CHARLESTON, W.Va. – The West Virginia Manufacturers Association joined other business and industry groups in providing comments supporting House Bill 2506, The West Virginia Fair Standards Act, during a public hearing held this morning in the West Virginia House of Delegates chamber. Judiciary Chairman, Del. John Shott reminded those in attendance that the bill does not change actual water quality for protection of human health.
HB 2506 brings West Virginia’s water quality standards in line with other states and what the federal government recommends, which will help the state’s manufacturers compete on a more level playing field with companies along waterways in other states.
In technical terms, the bill adopts the use of harmonic mean design flow measure for human health criteria recommended by the U.S. Environmental Protection Agency. It also provides for West Virginia Department of Environmental Protection-approved overlapping discharges that bring the state closer to a more balanced approach to water permitting standards in surrounding states.
West Virginia’s surrounding states and the Ohio River Valley Water Sanitation Commission use harmonic mean or less stringent measurements, she said. Adoption of the harmonic mean design flow only would apply to planned and permitted wastewater discharges and are required to comply with state and federal clean water standards.
“Given the number of vacant industrial properties throughout West Virginia, providing protective but appropriate relief for overlapping discharges can encourage the development of already existing manufacturing infrastructure and that such development can bring good-paying jobs to West Virginia,” McPhail said. “West Virginia has the lowest workforce participation rate in the country. We need good jobs that pay a livable wage. Job growth solves a lot of West Virginia’s core problems. We can adjust policies to make the state more competitive, to allow us to maximize the benefits of shale gas and other resources instead of shipping them away to other economies. If we can do this in a way that is scientifically proven safe and environmentally responsible, we would be unwise not to do it.”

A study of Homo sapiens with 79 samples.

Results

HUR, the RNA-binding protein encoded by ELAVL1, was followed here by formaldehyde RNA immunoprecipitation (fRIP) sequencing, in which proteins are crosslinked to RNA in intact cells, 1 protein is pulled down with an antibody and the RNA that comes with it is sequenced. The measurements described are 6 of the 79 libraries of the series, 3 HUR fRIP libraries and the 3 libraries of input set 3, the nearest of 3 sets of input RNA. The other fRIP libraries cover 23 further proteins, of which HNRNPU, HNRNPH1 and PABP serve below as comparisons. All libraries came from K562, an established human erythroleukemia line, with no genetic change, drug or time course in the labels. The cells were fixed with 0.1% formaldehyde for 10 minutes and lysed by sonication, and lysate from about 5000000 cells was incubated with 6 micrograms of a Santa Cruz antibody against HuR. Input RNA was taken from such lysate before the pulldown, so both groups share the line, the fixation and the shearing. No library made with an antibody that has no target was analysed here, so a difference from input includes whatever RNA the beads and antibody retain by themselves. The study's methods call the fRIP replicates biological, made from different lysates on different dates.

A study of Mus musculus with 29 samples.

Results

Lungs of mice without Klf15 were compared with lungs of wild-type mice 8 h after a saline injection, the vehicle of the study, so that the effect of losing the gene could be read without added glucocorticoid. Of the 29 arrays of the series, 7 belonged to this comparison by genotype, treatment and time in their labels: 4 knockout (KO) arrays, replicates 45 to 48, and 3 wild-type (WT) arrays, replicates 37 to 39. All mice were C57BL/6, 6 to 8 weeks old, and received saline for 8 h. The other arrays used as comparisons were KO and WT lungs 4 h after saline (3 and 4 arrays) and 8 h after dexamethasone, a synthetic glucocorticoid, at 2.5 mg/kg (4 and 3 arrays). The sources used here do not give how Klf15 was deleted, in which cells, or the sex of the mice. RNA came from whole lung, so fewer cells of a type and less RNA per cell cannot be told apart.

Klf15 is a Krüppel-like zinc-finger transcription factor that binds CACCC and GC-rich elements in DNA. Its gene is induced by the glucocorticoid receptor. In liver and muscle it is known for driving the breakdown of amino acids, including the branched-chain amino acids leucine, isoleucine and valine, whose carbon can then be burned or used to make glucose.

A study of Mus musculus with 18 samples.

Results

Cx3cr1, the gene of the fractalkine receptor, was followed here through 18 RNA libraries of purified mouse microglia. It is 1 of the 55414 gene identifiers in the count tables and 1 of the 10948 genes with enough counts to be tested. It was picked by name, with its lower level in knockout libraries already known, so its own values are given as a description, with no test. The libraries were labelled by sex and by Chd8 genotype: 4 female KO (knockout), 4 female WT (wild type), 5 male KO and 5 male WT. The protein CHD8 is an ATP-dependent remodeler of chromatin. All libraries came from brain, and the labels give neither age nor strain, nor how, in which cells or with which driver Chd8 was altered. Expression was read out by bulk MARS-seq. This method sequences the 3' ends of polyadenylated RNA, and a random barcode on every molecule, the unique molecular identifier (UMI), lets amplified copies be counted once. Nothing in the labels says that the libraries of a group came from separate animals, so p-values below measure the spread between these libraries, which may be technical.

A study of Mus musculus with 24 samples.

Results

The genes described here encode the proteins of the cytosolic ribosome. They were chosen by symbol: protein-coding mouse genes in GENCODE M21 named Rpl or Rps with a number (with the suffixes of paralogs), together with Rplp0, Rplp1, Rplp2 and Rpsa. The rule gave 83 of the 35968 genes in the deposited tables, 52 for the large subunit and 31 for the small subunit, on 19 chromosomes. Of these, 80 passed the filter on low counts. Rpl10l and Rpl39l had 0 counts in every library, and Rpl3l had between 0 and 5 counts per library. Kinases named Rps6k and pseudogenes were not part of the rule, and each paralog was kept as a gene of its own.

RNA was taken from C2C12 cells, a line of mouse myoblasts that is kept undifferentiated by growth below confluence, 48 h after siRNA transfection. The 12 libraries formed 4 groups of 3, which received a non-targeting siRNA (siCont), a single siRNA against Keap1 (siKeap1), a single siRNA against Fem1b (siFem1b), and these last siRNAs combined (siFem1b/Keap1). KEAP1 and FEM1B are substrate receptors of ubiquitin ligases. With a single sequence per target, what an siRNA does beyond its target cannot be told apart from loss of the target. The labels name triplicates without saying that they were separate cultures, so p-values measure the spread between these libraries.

She added that those opposing HB2506 are coming from a place of fear of change, and West Virginia needs to embrace new ideas so it can grow its economy.
“It isn’t scientific integrity that drives opposition to this bill, but instead, it’s a knee-jerk rejection of anything supported by industry,” McPhail said.
Read more about the position of the West Virginia Manufacturers Association here.